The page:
Blockchain and Transactions: Here’s what you need to know

It seems everybody is talking about Blockchain at the moment. Depending on who you speak to, it’s either the latest form of IT hype, or a transformative power which is poised to reshape the way we do business and transactions. But, everybody is talking about it.  Here’s what you need to know to join the conversation.

At its core Blockchain is a type of database. In particular, it’s good for storing transactional data about assets – which could be something physical like a car, something of financial value like a share, or something of abstract value like a customer.

But unlike a regular database, Blockchain has four key characteristics which mark it as something very different.

First, it is distributed across a number of nodes which keep themselves synchronised.  This makes it ideal for multi-organisational solutions, such as financial consortiums or supply chains.  Every participant can see all of the data – although to be clear, we use encryption to make sure that they can only read those transactions which they are entitled to read.

Second, we need agreement on the transactions.  Whenever a participant wants to add a transaction to the Blockchain, that transaction must be agreed by the other relevant parties. This is a process known as consensus, and it ensures that inaccurate or potentially fraudulent data is never posted to the database.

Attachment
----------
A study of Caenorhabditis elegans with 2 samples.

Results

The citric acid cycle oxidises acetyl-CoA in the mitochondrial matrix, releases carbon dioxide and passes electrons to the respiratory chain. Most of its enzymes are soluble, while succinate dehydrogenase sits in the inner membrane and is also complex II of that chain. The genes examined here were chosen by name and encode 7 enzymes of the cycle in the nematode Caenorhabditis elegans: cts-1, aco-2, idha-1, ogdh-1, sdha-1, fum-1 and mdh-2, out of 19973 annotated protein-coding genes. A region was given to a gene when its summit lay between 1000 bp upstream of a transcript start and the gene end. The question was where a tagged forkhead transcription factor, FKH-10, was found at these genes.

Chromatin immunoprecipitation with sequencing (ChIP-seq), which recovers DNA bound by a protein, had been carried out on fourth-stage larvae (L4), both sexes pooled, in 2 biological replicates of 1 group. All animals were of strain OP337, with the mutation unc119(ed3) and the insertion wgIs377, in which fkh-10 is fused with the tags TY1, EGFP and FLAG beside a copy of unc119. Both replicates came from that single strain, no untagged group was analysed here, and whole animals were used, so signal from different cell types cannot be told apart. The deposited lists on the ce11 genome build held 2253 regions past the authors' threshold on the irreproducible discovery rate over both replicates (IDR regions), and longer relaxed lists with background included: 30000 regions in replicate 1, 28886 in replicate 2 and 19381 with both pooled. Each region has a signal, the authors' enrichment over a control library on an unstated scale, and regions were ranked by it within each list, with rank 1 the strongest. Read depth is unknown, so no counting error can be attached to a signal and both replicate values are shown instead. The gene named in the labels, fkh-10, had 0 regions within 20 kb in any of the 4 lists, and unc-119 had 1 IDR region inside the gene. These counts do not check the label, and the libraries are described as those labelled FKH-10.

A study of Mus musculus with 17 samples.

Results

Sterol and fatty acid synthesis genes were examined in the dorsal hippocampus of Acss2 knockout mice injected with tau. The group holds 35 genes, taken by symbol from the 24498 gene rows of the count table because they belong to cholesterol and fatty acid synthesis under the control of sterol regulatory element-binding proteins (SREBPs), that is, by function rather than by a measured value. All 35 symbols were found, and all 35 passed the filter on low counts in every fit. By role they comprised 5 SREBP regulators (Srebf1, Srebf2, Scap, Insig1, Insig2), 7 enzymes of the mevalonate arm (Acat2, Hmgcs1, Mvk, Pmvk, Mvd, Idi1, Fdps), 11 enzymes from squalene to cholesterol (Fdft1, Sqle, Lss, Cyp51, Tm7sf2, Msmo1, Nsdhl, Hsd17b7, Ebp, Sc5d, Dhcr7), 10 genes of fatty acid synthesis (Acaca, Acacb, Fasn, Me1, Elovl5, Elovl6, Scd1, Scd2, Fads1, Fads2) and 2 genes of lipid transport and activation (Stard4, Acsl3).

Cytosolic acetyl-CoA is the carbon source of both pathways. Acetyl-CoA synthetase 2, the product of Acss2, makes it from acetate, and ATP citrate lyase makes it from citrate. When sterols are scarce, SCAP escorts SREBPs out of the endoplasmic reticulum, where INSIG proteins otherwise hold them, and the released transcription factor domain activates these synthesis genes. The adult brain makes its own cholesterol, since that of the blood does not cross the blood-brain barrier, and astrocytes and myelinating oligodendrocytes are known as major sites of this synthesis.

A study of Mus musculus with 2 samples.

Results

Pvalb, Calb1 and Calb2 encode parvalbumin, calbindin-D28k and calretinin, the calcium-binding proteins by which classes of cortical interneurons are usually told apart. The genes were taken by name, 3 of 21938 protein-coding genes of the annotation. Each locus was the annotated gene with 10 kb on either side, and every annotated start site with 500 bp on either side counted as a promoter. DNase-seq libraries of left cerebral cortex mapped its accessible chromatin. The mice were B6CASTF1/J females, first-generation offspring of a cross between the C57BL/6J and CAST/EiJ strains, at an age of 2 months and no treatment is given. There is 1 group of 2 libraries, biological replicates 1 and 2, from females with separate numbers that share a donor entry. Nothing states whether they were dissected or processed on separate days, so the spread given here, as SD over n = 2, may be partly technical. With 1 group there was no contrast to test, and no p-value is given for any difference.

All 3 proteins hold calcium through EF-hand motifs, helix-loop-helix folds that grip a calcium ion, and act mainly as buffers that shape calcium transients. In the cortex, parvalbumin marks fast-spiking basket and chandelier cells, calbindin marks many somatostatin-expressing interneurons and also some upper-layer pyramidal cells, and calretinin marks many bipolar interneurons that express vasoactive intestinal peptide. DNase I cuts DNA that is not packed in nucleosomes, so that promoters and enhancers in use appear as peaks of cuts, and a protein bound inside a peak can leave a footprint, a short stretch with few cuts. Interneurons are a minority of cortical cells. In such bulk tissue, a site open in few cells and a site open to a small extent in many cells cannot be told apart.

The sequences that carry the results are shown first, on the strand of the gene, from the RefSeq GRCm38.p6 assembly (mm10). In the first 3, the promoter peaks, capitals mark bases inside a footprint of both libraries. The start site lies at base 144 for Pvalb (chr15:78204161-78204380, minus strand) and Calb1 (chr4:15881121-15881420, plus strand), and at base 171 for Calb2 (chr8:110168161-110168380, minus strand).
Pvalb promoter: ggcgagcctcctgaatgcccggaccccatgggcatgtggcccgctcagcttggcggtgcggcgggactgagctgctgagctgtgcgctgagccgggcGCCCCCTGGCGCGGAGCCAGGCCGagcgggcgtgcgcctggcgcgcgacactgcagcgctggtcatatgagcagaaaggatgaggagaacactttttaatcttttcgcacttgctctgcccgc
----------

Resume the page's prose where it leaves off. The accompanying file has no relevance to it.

Third we have finality – once a transaction is added to the database, it is final – it can never be deleted or changed.  The status of an asset can be changed by adding another transaction, but you can never hide the fact that the first transaction took place.  This allows us to accurately track the provenance of assets in a business network, to know what has happened to them at every stage of their lifecycle.

Finally, the rules of engagement of the business network are encoded into the Blockchain and are visible to everyone – it’s known as a Smart Contract – so that all participants have confidence that everyone is playing by the rules which have been established.

These four factors – the distributed nature of the database, the consensus process, the finality of the data, and the encoding of the business rules in the Blockchain itself, can give organisations a high degree of trust in the data, and it’s that level of trust which makes Blockchain so important to the next generation of business applications.